What is the sacroiliac joint?
The sacroiliac (SI) joint is a strong, stable joint that connects the pelvis and the sacrum (the triangular bone found at the bottom of the spine) on both sides of the lower part of the spine. These two joints do not have a lot of motion, but do help transfer force from the upper body to the lower body and act as a shock absorber.
Pain from the SI joint(s) can be found in the exact location of the joint or spread to the abdomen, groin, buttocks or leg.
What is a sacroiliac joint injection and how is it performed?
Also known as an SI joint block, SI joint injection is a procedure performed to diagnose or treat low back pain and other symptoms resulting from dysfunction of one or both of the SI joints.
A diagnostic injection and a therapeutic injection can be done separately, but are typically combined into a single injection.
The diagnostic SI joint injection is designed to confirm SI joint dysfunction. Utilizing fluoroscopy (X-ray guidance), a contrast is injected into the joint—to ensure proper placement of the needle and medication—followed by a numbing agent such as lidocaine. The patient is then asked to perform the activities that would typically result in pain. If the patient experiences pain relief for most of the time the numbing agent is active, then joint dysfunction is cautiously confirmed. A second injection using a different numbing agent will likely be done to officially confirm the diagnosis.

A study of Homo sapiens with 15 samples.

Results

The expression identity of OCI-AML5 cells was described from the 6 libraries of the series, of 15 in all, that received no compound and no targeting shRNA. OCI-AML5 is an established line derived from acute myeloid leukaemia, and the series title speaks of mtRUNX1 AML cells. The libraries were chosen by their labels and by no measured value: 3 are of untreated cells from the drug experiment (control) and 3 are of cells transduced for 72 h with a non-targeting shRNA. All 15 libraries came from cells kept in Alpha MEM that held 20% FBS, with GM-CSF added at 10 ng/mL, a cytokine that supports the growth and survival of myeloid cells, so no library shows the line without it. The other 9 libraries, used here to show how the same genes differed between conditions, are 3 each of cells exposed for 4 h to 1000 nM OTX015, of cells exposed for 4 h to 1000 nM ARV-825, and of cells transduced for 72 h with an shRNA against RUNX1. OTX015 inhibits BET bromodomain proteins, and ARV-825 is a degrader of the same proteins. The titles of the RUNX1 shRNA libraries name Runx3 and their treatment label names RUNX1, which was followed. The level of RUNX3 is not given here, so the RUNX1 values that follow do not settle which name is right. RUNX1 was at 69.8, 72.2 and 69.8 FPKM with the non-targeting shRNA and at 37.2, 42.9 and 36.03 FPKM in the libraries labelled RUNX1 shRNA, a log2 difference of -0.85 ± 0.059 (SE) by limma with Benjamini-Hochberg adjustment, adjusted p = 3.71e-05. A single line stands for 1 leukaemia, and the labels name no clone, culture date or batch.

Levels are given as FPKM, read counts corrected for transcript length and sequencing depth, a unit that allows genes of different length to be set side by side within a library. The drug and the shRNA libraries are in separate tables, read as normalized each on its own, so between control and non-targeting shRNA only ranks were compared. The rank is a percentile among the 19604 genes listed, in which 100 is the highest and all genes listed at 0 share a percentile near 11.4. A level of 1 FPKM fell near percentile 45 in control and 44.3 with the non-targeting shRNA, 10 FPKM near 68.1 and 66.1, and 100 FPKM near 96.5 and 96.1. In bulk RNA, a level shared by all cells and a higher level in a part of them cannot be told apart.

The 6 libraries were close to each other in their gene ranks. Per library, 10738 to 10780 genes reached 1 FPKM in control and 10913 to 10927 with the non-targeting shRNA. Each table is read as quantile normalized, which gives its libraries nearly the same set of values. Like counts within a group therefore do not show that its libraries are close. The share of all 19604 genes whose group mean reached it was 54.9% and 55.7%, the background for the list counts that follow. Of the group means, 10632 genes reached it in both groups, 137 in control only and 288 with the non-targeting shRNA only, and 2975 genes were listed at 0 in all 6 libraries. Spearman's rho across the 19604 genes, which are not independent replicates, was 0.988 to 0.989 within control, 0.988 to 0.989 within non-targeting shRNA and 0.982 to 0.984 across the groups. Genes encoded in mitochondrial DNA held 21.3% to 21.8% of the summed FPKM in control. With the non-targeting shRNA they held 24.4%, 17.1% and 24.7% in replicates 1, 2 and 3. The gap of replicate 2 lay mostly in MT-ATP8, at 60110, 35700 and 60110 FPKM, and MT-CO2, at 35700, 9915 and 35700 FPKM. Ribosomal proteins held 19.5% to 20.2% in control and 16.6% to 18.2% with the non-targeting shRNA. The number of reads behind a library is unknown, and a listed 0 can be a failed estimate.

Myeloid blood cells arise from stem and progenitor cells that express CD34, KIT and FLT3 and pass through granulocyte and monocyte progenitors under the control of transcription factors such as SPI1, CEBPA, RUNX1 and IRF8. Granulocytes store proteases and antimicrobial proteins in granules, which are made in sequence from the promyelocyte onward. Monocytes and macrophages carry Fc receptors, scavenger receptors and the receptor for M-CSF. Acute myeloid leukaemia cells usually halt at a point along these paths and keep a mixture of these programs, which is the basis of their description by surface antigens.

A pain relief injection for SI joint dysfunction is performed the same way as a diagnostic injection, but instead of a numbing agent, an anti-inflammatory medication known as a corticosteroid is injected to reduce inflammation and pain. If the shot is deemed effective, physical therapy may also be recommended to further reduce the amount of pain and help the patient return to full, normal function.
What can be expected following the procedure?
A few hours after the injection, patients may feel numbness, slight weakness or an odd feeling in the leg(s). The day after, most patients can resume any medication they normally take and can return to normal activity.
Pain typically begins to improve within 10 days after the injection. If it doesn’t, patients should speak to their physician about other pain relief options.
What conditions are treated with sacroiliac joint injections?
SI joint injections are typically designed for patients suffering from chronic, non-specific back pain, pain from sciatica or from actual dysfunction of the SI joint(s) due to trauma or repetitive stress on the joint(s).
At Nova Spine & Pain Centers, we believe you should not have to live with pain. Among our various treatments, SI joint injections can be an effective solution. Visit our expert Dr. Harris Shaikh and his team to learn if these injections can help you.